Intensive short courses


The centre’s education team will work with leaders of the research project nodes to develop their research into opportunities for:

  • evidence-based short courses, seminars and workshops
  • non-award education activities, such as intensive seminars leveraged off an existing program/unit.

This will include:

  • identifying such opportunities as part of the expression of interest process for project nodes
  • marketing and managing the implementation of project node educational activities, including robust evaluation to ensure continuous improvement of the model.

The short course model will provide an opportunity to test the market for the development of award courses under broader research themes.


Writing original research papers for biomedical journals

30 September 2014

If you're keen to forge a career involving medical research, one of the most valuable things you can do is master the art of scientific writing.

The ability to write a convincing scientific manuscript is such a rare skill that learning how to do it will set you ahead of your competition in terms of publishing your data, landing and keeping your ideal position and obtaining fellowships and grants.

The good news is that – just like doing statistical analyses – writing original research articles is a learnable skill. You don't need to be a literary genius (or even a native English speaker) to be able to write manuscripts that are publishable in high-ranking journals – you just need to know the "protocol".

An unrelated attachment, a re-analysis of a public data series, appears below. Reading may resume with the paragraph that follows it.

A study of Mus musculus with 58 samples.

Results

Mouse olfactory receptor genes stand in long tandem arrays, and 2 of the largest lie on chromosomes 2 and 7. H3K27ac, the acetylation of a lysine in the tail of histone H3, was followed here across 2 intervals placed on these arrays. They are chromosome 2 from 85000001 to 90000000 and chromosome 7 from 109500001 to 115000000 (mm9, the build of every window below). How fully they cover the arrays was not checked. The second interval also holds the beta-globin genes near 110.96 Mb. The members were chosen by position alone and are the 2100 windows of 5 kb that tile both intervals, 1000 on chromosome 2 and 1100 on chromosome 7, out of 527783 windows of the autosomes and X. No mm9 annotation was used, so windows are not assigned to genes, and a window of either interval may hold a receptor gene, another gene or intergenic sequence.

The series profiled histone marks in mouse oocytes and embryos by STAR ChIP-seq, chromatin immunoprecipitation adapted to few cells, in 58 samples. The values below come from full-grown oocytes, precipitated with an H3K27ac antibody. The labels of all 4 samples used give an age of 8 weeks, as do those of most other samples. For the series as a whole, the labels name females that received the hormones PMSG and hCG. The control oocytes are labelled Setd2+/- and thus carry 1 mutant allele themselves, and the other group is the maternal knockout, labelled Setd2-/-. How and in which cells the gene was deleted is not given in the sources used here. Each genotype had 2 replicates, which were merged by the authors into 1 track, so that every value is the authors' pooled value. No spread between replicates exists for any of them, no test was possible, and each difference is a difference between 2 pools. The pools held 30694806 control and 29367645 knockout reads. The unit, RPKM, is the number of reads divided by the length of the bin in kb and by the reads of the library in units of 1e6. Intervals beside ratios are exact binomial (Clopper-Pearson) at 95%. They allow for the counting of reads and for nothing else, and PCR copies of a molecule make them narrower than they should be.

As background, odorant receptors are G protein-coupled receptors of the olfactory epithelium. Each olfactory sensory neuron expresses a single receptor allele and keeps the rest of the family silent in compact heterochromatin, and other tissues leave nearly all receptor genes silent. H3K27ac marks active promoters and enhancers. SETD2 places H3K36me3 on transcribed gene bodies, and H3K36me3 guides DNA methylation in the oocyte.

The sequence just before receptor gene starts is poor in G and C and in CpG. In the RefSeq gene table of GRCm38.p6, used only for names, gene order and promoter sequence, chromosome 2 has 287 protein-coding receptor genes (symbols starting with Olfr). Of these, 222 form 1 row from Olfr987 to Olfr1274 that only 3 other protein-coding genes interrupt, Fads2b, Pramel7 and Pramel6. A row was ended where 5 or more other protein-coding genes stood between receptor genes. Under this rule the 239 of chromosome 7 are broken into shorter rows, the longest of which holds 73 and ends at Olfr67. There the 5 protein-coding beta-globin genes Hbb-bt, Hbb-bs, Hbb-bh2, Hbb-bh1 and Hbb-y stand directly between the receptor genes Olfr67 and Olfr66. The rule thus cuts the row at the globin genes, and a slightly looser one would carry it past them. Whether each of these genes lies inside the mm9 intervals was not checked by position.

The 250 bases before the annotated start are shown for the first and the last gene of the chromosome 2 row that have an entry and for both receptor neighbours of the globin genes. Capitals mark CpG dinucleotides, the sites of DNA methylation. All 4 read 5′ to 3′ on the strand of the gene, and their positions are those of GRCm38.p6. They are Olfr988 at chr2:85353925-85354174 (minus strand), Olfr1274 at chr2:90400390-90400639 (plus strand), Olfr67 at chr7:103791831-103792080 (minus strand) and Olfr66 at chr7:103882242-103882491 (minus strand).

This full-day workshop is led by Associate Professor Amanda Salis, an NHMRC Senior Research Fellow with decades of experience in writing biomedical research papers. It is based on linguistic research into the elements common to published original research articles, as outlined in ‘Writing Scientific Research Articles: Strategies and Steps’ by Margaret Cargill and Patrick O’Connor from the University of Adelaide.

Research trainees will learn a step-by-step method for efficiently writing up their data for publication in biomedical journals.

About the workshop
The workshop is of relevance to anyone wishing to improve his or her confidence and efficiency in writing original research articles in health and medical research (e.g. basic, clinical, epidemiology, population health). As this is a hands-on practical workshop, it is best suited to those who already have a set of analysed original research results that are ready to be written up as a paper, or an early draft of an original manuscript (not a review).

Workshop activities

  • Presentation from event organiser, Associate Professor Amanda Salis
  • Small group discussions about the structure of research papers
  • Hands-on experience in planning and writing your own original research paper
  • Morning and afternoon tea-breaks for general discussions

Date: Tuesday 30 September 2014
Time: 9.30am - 4.30pm
Venue: Seminar Room 6.1, Level 6, Charles Perkins Centre
Cost: $150 (includes morning and afternoon tea, lunch not provided)
Discounts: Please note that this course is already discounted, and no further discounts (e.g. for students or affiliates) will be offered
Register now to reserve your place: To register, click here
Please register ASAP to avoid disappointment. This workshop books out fast and places are strictly limited.

Refund policy
We regret that no refunds or deferrals will be provided. If you are unable to attend the workshop, you may send a replacement if you notify Associate Professor prior to the workshop.

Register your interest in further workshops
If you would like to be informedabout future biomedical writing workshops by Associate Professor Amanda Salis, please register your interest.